November 29, 2009

What In The World Is An Anabaptist?

So I was perusing about many of my favorite websites and blogs the other day and came across a great little article on the Young Anabaptist Radicals website about the traditions history and beliefs. It's kind of an interactive article actually as it asks for input from other Anabaptist's. I wouldn't have thought much of it, except that earlier that same day I had a long discussion with some friends about the Anabaptist Tradition who had never heard a thing about it. To their eyes it was just some relished folk tale of mid 16th century reformation fall out with the Amish & Mennonite communities (bonnets and all) as a modern result. So with that in mind I thought perhaps it's time we shed a little light on the subject, not simply because I profess the tradition as my own, but more importantly because I actually think there is a strong misunderstanding of who the Anabaptist's were and are and the fact that history seems to have dismissed us all together. The article is in no way comprehensive, but it's a good place to start. If you are interested in the radical reformation or the Anabaptist tradition the link to the article is bellow.

{Dirk Williams - Anabaptist Martyr & Saint}


"No story of an Anabaptist martyr has captured the imagination more than the tale of Dirk Willems.
Dirk was caught, tried and convicted as an Anabaptist in those later years of harsh Spanish rule under the Duke of Alva in The Netherlands. He escaped from a residential palace turned into a prison by letting himself out of a window with a rope made of knotted rags, dropping onto the ice that covered the castle moat.

Seeing him escape, a palace guard pursued him as he fled. Dirk crossed the thin ice of a pond, the “Hondegat,” safely. His own weight had been reduced by short prison rations, but the heavier pursuer broke through.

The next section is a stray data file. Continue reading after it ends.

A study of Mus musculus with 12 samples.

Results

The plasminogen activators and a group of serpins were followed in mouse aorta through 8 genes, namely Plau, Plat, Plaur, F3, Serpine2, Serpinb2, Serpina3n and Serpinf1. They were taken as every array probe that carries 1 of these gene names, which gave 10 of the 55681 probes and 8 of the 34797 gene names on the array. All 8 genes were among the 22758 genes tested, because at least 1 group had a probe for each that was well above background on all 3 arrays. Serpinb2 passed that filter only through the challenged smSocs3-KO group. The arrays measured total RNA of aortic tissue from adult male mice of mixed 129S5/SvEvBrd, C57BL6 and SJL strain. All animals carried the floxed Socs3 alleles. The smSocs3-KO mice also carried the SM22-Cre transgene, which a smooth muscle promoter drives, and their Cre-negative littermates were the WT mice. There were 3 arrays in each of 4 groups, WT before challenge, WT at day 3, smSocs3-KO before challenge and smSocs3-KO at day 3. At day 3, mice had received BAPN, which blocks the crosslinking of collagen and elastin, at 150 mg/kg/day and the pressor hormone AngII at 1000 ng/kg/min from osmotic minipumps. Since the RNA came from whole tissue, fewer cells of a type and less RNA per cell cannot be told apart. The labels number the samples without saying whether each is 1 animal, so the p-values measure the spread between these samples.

Hearing the guard’s cries for help, Dirk turned back and rescued him. The less-than-grateful guard then seized Dirk and led him back to captivity. This time the authorities threw him into a more secure prison, a small, heavily barred room at the top of a very tall church tower, above the bell, where he was probably locked into the wooden leg stocks that remain in place today. Soon he was led out to be burned to death.

Some inhabitants of present-day Asperen, none of them Mennonite, regard Dirk as a folk hero. A Christian, so compassionate that he risked recapture in order to save the life of his drowning pursuer, stimulates respect and memory."

Chances are if you read my blog it's because we already share some similar sentimentality about the world and if that be the case there is a good chance you already read and hold to a lot of Anabaptist thought perhaps without even knowing it. But this is a history we should never forget as it reminds us that throughout all of Christian History, no mater how off the straight and narrow the church has run, there has always been a ragtag group of outcasts forming communities of love and hospitality declaring Jesus Christ as Lord of ALL. We are not alone and we never have been!!!